The CRTC hearing on wholesale usage based billing opened yesterday with Bell leading off in front of a packed room (coverage from the Globe, National Post, Quebecor, and Wire Report). By the time lunch rolled around, it was clear that claims that usage based billing practices are a response to network congestion is a myth (it was also clear that Bell is happy to peddle fantasies such as claims there is nothing to stop independent ISPs from taking 20% of the Canadian market and that consumers have no problem with UBB). I wrote specifically about UBB and network congestion in this post earlier this year in which I cast doubt on the connection between the two.
Bell opened by focusing specifically on network congestion. Its opening remarks emphasized the existence of network congestion, the contribution to congestion by wholesale ISPs, and that IPTV does not contribute to congestion. It also provided a chart of the Bell Internet network, noting that congestion occurs in the portion of the network that aggregates traffic from both Bell customers and customers from independent ISPs (thereby again confirming that there is no congestion issue in the so-called last mile nor once the traffic hits the backbone network and the public Internet). Bell’s emphasis on network congestion is not surprising since the CRTC approach to network management – both net neutrality (technical Internet traffic management practices) and UBB (economic ITMPs) has been premised on dealing with congestion concerns. If the proposed solutions do not address congestion problems, the rationale behind the regulatory framework falls apart. Given the lack of robust competition in some Canadian markets, this suggests that the regulator should be playing a far more active role in addressing UBB.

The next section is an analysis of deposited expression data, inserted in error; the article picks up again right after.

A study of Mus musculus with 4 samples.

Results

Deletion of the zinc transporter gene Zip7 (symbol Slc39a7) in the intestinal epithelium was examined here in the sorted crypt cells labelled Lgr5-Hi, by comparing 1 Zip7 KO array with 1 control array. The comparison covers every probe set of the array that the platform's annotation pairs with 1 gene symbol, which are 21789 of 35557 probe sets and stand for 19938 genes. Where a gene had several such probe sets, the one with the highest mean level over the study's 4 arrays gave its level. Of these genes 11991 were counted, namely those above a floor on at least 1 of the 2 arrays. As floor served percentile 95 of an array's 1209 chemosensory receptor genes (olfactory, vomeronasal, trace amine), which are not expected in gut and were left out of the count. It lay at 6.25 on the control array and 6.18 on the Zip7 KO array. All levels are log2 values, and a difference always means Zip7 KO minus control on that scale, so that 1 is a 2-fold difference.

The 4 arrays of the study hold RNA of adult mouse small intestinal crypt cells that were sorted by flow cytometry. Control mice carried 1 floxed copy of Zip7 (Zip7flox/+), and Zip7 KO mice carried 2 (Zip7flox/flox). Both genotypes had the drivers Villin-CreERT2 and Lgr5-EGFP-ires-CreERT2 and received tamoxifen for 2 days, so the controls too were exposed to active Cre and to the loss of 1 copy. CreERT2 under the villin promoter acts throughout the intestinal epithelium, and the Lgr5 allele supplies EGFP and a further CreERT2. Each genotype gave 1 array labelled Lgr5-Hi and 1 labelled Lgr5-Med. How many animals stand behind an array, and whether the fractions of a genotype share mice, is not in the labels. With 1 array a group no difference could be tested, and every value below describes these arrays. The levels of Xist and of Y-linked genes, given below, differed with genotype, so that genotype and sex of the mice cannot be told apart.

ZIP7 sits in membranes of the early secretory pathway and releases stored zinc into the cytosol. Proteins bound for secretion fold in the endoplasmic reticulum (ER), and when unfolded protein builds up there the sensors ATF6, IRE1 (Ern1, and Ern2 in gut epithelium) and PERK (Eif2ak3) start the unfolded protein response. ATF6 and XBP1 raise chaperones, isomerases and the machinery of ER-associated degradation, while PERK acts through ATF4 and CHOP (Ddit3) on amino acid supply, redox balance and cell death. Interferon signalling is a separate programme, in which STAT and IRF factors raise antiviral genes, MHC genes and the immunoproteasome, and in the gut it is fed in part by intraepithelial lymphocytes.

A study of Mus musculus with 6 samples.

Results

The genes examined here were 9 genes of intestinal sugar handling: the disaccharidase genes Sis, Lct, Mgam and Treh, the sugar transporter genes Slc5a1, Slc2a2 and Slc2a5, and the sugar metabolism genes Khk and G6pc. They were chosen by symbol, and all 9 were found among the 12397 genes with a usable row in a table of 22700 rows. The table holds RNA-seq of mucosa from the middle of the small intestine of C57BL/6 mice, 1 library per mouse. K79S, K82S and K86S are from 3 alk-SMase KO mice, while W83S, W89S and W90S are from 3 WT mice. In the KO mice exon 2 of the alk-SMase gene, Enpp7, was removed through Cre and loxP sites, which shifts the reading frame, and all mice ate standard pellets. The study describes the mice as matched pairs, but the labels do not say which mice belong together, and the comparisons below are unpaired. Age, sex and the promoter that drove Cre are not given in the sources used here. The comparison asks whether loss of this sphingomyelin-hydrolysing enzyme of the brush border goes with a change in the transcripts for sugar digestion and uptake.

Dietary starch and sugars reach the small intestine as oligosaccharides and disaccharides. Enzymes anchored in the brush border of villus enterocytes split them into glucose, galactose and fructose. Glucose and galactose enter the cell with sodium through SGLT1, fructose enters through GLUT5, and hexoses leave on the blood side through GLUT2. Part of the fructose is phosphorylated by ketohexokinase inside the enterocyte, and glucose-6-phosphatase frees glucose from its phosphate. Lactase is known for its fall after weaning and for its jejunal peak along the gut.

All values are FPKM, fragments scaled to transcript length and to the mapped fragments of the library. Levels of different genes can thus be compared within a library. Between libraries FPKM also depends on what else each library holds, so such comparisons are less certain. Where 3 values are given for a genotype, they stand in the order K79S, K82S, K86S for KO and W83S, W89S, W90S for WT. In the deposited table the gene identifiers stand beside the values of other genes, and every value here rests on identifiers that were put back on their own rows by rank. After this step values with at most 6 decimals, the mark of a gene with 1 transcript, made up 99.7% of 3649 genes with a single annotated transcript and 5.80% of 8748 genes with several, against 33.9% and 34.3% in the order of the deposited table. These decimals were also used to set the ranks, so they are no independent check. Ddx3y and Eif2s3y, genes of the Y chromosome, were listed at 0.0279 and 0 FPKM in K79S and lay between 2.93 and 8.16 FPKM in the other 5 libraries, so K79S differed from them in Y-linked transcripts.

Once the questioning began, the claims associated with congestion quickly unravelled.
CRTC Chair Konrad von Finckenstein asked why – if Bell was facing network congestion – sister company Bell Aliant has not implemented UBB. Bell argued that Bell Aliant “supported” UBB, but acknowledged that competitive forces and marketplace conditions in Atlantic Canada were such that UBB is currently not needed. Of course, von Finckenstein didn’t need to look at Bell Aliant as his example – Bell itself employs different caps in Ontario and Quebec given the different competition from Videotron and Rogers. Their approach isn’t a function of congestion, but rather competition. In fact, when Bell was asked whether it planned to keep data caps for its retail customers, it responded that it did, subject to “competitive dynamics.” The effects of competition was further confirmed when Telus appeared as it noted that it doesn’t use UBB, it isn’t a pressing issue, and that competition with Shaw has led to far more generous plans than those found in other parts of the country.
Discussion on the lack of a link between congestion and UBB continued as Commissioners Molnar and Denton asked why Bell was promoting a plan that involves aggregate usage rather than peak usage. Molnar noted that aggregate usage is not linked to congestion and that it appeared to simply create incentives to reduce Internet use more generally. Bell agreed, leaving Molnar to respond that this was a problem since it reduced Internet use with no benefit to addressing congestion. Denton continued on the same theme, asking why the CRTC would want to try to reduce Internet use other than in an effort to address congestion.
Add Bell’s acknowledgement that its pricing is not a function of actual costs but rather the market and the conclusion is that all elements of UBB – use of caps, pricing, and size of caps – are a function of the regional marketplace dynamics, not congestion concerns. Moreover, the Commissioners seemed to understand why this issue is so troubling, with Molnar emphasizing the dangers of a policy that discourages Internet use and Denton linking UBB to cloud computing and the fears that caps would harm that emerging industry. The question and answer period made for a good first day, though tough questions undoubtedly lie ahead for all the participants, including Open Media, which appears today.